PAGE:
MILES MAHAN(MM) and DAVID ISAY(DI)
Along California’s Highway 15, about 100 miles northeast of Los Angeles, stands an enormous weather-beaten billboard of a girl in a hula skirt. The sign says, ”You’ve reached Hulaville,” an off-beat roadside attraction that producer David Isay stumbled upon, a desert park built and operated for almost forty years by poet and artist Miles Mahan.
MM: What are you doing, shooting some gaff here?
DI: No, what I’m doing is I’m doing a radio story about you.
MM: You are?
DI: If you don’t mind.
MM: Not at all. (Laughs.) That’s a big laugh. (Laughs.)
DI: Miles Mahan lives in a small trailer on the side of the highway here in the California desert, watching over his prized possession: a fourteen-foot-high wooden cutout of a hula girl, and the one-of-a-kind theme park he’s built up around her. If you ask Miles Mahan how old he is, he’ll answer something like this:
MM: Well, uh, I’m not dead. (Laughs.)
DI: In fact, Miles Mahan just turned 97, although he looks and acts a good deal younger than his age, especially when talking about his Hulaville museum.
MM: This here I built myself — all of this.
DI: Can you give me a tour?
MM: You bet I can. We’ll walk through my place here.
DI: Miles Mahan leads me through an entranceway along a short dirt path lined with rusty tin cans, old plates, and discarded clothing to the centerpiece of his theme park — the Hula Girl. Nailed up high on the wooden post, she towers above everything. Her hips thrust to one side, hands waving to the other. Her grass skirt seems to blow in the breeze.
MM: If it wasn’t for her, I wouldn’t be here.
DI: Standing beneath the Hula Girl, Miles launches into his saga.
MM: Oh, I’ll tell you how I picked this spot. I was out…
DI: Miles explains that he was a career guess-your-weight man with a carnival before retiring to this small patch of roadside real estate in 1954. It was a year later that Miles came upon the Hula Girl, a billboard which had recently been discarded by a Hawaiian restaurant. He brought the Hula Girl home, placed her on display, and Hulaville grew up around her. Today, almost 40 years later, Miles Mahan says Hulaville is more than just a museum.
MM: It’s an attraction.
DI: It is, as he sees it, something of a roadside entertainment complex. There are natural wonders.
MM: You see how tall that Joshua tree is? That’s something that nobody ever saw in all their life, and if you can find one and bring it here, I’ll give you a hundred dollars.
DI: There is culture here as well — the poetry and pithy sayings of Miles Mahan painted onto scraps of cast-off wood. Unfortunately, he’s unable to read them because of his failing eyesight.
MM: What does that say there?
DI: America new fashion. Stomach comes first.
MM: Oh, for gosh sake. (Laughs.) I didn’t even know that was there. Stomachs…
DI: There is even a Hulaville miniature golf course. Signs lead the way, some of which Miles has painted himself. Others have been salvaged from more up-scale putting greens.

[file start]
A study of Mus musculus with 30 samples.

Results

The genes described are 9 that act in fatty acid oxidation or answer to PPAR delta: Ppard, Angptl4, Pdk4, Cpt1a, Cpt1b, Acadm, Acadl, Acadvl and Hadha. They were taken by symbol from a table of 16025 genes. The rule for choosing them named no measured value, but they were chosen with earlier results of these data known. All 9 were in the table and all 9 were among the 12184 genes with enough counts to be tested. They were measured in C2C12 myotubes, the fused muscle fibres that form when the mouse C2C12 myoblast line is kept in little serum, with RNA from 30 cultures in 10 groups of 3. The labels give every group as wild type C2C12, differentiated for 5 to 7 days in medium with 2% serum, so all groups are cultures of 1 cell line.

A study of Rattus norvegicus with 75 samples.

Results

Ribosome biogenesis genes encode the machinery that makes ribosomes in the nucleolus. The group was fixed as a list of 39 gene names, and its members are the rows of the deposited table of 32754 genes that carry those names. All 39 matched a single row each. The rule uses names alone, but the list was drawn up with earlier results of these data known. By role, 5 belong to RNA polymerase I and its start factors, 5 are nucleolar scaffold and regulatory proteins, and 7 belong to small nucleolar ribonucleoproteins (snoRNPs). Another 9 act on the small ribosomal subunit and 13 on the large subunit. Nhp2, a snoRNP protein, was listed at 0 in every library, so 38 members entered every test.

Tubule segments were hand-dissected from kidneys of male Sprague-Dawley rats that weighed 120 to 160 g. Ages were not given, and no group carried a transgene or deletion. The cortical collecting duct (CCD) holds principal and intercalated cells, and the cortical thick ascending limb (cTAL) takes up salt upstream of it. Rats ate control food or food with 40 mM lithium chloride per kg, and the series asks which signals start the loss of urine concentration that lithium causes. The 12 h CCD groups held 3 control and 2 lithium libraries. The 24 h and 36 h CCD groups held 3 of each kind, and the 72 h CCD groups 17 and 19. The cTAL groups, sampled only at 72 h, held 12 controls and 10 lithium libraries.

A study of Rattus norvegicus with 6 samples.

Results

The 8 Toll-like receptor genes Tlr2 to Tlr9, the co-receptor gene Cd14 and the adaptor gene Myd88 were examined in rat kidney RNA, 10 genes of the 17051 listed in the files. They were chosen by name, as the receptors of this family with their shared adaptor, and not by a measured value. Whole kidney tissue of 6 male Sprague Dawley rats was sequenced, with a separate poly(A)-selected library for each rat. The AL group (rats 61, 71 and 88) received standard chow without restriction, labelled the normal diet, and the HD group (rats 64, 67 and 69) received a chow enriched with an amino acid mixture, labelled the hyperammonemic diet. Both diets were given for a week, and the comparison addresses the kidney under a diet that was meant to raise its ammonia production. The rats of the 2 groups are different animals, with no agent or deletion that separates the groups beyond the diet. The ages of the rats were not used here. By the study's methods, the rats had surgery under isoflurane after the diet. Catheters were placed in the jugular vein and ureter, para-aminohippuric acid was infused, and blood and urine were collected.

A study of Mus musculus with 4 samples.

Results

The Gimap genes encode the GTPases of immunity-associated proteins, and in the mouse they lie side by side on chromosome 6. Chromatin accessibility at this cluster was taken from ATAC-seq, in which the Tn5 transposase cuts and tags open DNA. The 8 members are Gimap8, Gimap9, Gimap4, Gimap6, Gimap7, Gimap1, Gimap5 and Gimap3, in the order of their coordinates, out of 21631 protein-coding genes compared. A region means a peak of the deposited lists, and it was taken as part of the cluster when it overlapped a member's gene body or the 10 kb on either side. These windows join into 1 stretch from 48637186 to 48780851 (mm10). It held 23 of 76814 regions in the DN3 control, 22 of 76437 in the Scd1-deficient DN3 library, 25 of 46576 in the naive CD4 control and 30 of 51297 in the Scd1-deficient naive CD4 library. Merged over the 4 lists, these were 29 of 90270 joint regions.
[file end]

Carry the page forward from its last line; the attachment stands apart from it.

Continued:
MM: Some of these are funny. What does that say?
ISAY: It says, ’During thunder and electrical storms, discontinue play and return to the clubhouse.’
DI: Where’s the clubhouse?
MM: Oh, the clubhouse is–the clubhouse…Uh, back there.
DI: The most curious thing about the Hulaville nine-hole golf course is that it seems to consist only of nine sticks, stuck into a narrow strip of dirt where Miles has cleared away the weeds.
MM: We’re in number one. Here’s where you tee off.
ISAY: I don’t quite see how this is a golf course. It just–
MM: Well, they have them now, miniature golf course. They’ve got ’em all over now–miniature golf. They got two up here.
DI: But there are no holes.
MM: They have grass now. I don’t have the grass.
DI: But there are no holes, Miles.
MM: Well, no. They like it this way. Then they don’t have to stoop down there and wear themselves out. They just kick it. It’s more fun.
DI: While Miles’ course does lack many of the expected amenities–there are no miniature windmills, mazes, moats or bridges–Miles has come up with some distinctive Hulaville touches. For instance The Religious Shrine, which stands beside hole number six. It’s made out of a jumble of rocks and crosses and weeds. He’s even given it a name.
MM: The resurrection of Jesus.
DI: You don’t find that on every golf course.
MM: No, you don’t. (Laughs.) You don’t find me either. (Laughs.)
DI: Miles does not charge admission to Hulaville, but at the end of the tour, he does ask visitors if they would consider purchasing a small bound book of his poetry. And, if they have an extra moment, if they might read some to him.
DI: Here we have a poem called Hulaville.
MM: Yeah, we did? I didn’t know that was in there.
DI: Yea so welcome are all of thee / To this museum so full with glee / Here are a host of signs you may see / So cleverly painted by old Mile-zee. That’s you, huh?
DI: And so this dream will always be / A haven of peace for you and me / From a tired world you’ll be free / To behold bottles before you flee
MM: Well I’ll be damned. I wrote a lot of poems, but that is about as good as I can write.
DI: Hulaville is located on Highway 15, a few miles south of Victorville, California. Just keep your eyes open for the Hula Girl. For National Public Radio, I’m David Isay.
MM: Well, goodbye and good luck.
DI: Thank you Miles. It was great to meet you. It was a pleasure.
MM: Well, it’s great to meet you. The greatest pleasure I ever had. You stop here the next time you come. Will you do that?
DI: Sure. Bye bye, Miles.
MM: Bye. I’m going to sit down again. What’s your first name?